2006/05/25

Out of the Mud



The Lotus is often used as a symbol in Buddhism. As it grows from the mud (samsara), up through muddy water it appears clean on the surface (purification), and finally produces a beautiful flower (enlightenment). The white blossom represents purity, the stem stands for the practice of Buddhist teachings which raise the mind above worldly existence (the mud), and gives rise to purity of mind.

Symbolism aside, I just find them very beautiful.

17 comments:

YD said...

Me too. There's a saying in chinese, 出淤泥而不染 (growing from dirty mud but maintain pureness). Just the apt description.

Thanks for the lovely lotus. Symbolism and beauty aside, lotus is indeed a very useful plant, and has good nutritional values. hehe.

Pandabonium said...

Oh yeah, I love sliced lotus root in nishimei (vegetable stew) or lotus tempura. Yum.

Happysurfer said...

Yes, they are, beautiful, in whatever colour.

PinkPanther said...

You know the light Green of Macau SAR Flag does formed with a white lotus above a stylized Bridge and water and beneath an arc of five stars.

Why Lotus? Represents the future of Macau will be prosperous and blooming.

Umm...Lotus is my fancy flower.

The Moody Minstrel said...

Well, this flower is sure producing some interesting and informative dialog! Thanks, Panda!

Pandabonium said...

Glad you like it Happy.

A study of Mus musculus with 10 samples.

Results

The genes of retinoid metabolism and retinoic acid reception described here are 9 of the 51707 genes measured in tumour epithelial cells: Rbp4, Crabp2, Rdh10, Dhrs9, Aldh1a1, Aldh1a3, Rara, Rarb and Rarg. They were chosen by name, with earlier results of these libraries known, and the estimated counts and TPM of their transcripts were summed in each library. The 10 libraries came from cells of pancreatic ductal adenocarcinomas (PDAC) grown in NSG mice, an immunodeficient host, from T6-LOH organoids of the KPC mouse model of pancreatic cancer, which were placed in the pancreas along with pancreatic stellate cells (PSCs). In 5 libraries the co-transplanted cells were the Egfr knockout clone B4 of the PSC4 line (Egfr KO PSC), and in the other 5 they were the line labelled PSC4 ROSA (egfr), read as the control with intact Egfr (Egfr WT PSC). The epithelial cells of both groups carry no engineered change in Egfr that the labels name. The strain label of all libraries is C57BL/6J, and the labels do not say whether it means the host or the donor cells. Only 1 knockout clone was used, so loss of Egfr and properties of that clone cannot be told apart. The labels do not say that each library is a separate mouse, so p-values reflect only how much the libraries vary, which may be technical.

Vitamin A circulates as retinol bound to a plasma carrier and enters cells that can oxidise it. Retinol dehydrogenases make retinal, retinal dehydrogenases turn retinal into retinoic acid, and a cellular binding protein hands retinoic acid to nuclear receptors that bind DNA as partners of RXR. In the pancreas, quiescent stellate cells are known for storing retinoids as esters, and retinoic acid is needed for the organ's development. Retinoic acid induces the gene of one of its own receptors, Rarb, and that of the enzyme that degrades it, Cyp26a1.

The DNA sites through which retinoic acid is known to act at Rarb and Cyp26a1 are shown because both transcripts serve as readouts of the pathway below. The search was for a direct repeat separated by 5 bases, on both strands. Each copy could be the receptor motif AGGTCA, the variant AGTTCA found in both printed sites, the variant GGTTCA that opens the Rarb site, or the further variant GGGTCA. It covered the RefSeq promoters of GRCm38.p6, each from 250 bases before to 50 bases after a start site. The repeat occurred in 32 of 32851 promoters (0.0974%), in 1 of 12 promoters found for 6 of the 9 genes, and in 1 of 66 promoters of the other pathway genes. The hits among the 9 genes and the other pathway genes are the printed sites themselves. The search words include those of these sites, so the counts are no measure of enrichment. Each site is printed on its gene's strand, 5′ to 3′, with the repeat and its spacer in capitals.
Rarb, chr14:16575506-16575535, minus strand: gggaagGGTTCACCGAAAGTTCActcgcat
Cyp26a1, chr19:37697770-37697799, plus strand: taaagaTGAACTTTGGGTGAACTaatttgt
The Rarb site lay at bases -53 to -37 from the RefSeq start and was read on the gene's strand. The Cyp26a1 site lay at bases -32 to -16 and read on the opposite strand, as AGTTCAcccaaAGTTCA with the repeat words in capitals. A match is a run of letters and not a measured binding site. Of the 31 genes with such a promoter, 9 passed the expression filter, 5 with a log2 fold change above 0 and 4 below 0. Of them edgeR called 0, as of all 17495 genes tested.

Pinkpanther - that's really interesting. I confess I never looked at the Macau flag before. Thanks for sharing that.

MM - Sometimes the less I write the better.

peceliandwendy said...

A perfect symbol. There's a possibility of grace in an ordinary place. Even Fiji seems to have smiles and grace these days. And I remember noticing a large lily pond near Adi Cakobau School one day when driving by. Often in unexpected places. Beautiful.
W.

Robin said...

The lotus radiates strength, beauty, peace, purity and happiness when it blooms.

There are so many things to learn from the lotus.

Have you notice what happen to the lotus after it wilts?

The petals and stem will just rot away to become a part of the fibrous compose in the water.

Pandabonium said...

Thanks Wendy. Fiji is a blossom in its own right.

Robin - Ah, I hadn't thought about the wilting process. The circle of life.

Happysurfer said...

And seeds in a pod will come next after the flower wilts and the seeds are edible. Correct me if I'm wrong about the growth process.

YD said...

ahh... the talk of samsara, and the never-ending circle of life. It brings me thinking about it's symbolism as enlightenment, and yet at the same time, it's wilting process as an analogy to the samsara...

Beautiful flower, it is. Meaningful flower, it is too.

Pandabonium said...

Happy, that's interesting. I didn't know you could eat the seeds. I'm learning all kinds of stuff with this simple post.

YD - So desu ne.

YD said...

Yes panda, we can eat the seeds. It is one of the traditional chinese herbs commonly used in soup and medicine.

So actually, the whole plant itself is a food.

The Moody Minstrel said...

So if the flower that symbolizes the cycle of life is totally edible, does that mean we can eat ourselves out of existence?

Pandabonium said...

Yes, Moody. In fact, that's exactly what happened to Euell Gibbons.

Peceli and Wendy's Blog said...

Moody, 'eat ourselves out of existence' - well that flower does have many symbolic faces to it!
Wendy

Happysurfer said...

The seeds can be eaten raw too. Just remove the green bit that's in the centre - that bit is bitter. This is the part that will grow into a shoot.